No audio recording possible on macOS Catalina 10.15.x
Apple has made adjustments to their privacy settings that prevent apps from accessing certain privacy sensitive data and sensors on your system. This means that, just like on most smartphones, apps now have to get permission before recording sound. If they don’t have permission, the OS doesn’t let audio through and you simply get silence.
Some apps (like DAWs) have to be updated to support this new permission system. However: there is a temporary workaround for most apps.
Do you want an easy button to open your favorite DAW with this fix applied?
- Download the launcher for your DAW on the right.
- Extract the app to wherever you’d like. The Apps folder or your Desktop is usually a good place.
- Double click the launcher to open the app.
- The first time your DAW wants to access your audio inputs, macOS will ask for your permission. If you agree, the DAW will immediately start receiving audio from your interface.
The launchers use a simple trick: they use an OS trusted app as a ‘middle man’ to obtain permissions for the DAW. In this case, the launchers were written in Apple’s Automator–obviously trusted by Apple, and therefore a working trick. When you launch a binary app ’through’ Automator, macOS will simply think Automator is trying to use the audio inputs. If Automator gets permission, so does the app launched by it–as long as you keep using the launcher to start the app.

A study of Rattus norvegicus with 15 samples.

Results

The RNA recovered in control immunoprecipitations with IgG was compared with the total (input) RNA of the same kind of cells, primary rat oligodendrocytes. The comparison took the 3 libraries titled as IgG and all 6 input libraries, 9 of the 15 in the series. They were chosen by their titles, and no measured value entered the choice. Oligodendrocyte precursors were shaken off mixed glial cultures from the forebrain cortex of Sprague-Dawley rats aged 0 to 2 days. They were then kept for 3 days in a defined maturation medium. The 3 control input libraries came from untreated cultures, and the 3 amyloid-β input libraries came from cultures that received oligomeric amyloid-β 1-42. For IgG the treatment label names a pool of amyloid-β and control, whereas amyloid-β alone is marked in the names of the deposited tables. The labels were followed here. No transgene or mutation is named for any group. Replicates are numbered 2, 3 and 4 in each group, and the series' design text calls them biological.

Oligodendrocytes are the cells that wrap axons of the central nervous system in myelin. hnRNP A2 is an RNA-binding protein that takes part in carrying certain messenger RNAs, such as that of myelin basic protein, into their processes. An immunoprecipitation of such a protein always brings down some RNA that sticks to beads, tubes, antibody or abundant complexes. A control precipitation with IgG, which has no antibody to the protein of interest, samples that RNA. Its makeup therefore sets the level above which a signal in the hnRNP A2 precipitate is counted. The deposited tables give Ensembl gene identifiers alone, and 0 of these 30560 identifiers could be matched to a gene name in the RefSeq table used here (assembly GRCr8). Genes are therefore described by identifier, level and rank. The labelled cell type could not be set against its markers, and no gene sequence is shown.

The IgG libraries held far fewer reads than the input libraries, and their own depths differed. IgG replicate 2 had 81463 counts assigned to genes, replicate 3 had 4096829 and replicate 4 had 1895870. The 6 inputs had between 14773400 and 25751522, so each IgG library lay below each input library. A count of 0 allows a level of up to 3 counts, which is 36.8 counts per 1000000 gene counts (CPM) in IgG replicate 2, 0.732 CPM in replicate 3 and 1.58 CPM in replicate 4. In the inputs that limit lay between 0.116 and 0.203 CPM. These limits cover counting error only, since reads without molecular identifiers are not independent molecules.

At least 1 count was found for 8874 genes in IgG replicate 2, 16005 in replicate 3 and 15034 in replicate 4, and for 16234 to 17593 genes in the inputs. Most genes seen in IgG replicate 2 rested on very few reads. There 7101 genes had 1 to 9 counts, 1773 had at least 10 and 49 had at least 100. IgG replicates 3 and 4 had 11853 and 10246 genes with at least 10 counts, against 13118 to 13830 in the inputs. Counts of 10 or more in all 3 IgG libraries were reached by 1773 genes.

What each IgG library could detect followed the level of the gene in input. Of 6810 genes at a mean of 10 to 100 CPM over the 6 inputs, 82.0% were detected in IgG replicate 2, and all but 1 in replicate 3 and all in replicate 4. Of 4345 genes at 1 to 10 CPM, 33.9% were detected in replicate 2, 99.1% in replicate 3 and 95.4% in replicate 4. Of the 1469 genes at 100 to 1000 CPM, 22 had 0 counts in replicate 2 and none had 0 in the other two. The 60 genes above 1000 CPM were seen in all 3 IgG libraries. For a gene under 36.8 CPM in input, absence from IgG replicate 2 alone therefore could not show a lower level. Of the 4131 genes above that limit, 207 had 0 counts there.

You can build your own launcher for most DAWs in Automator like this:
If you look closely at the app location, it actually drills down into the app. This is because you need to launch the binary instead of the app package–if you try launching the app package, macOS will be aware you’re launching a separate app and this trick won’t work.
You can find the binary location of most apps by right clicking on them, and selecting ‘Show package contents’. Then drill down into the ‘Contents’ folder, followed by ‘MacOS’. You will usually find a file of the kind ‘Executable file’ like this:
Drag that file into your Automator shell script, and it’ll write out the path for you. That should do the trick in most cases.
Some DAWs, like Ardour, have a more sophisticated way of launching and need some extra variables to make this work. Some Googling will usually help you to find the right Terminal command for your DAW.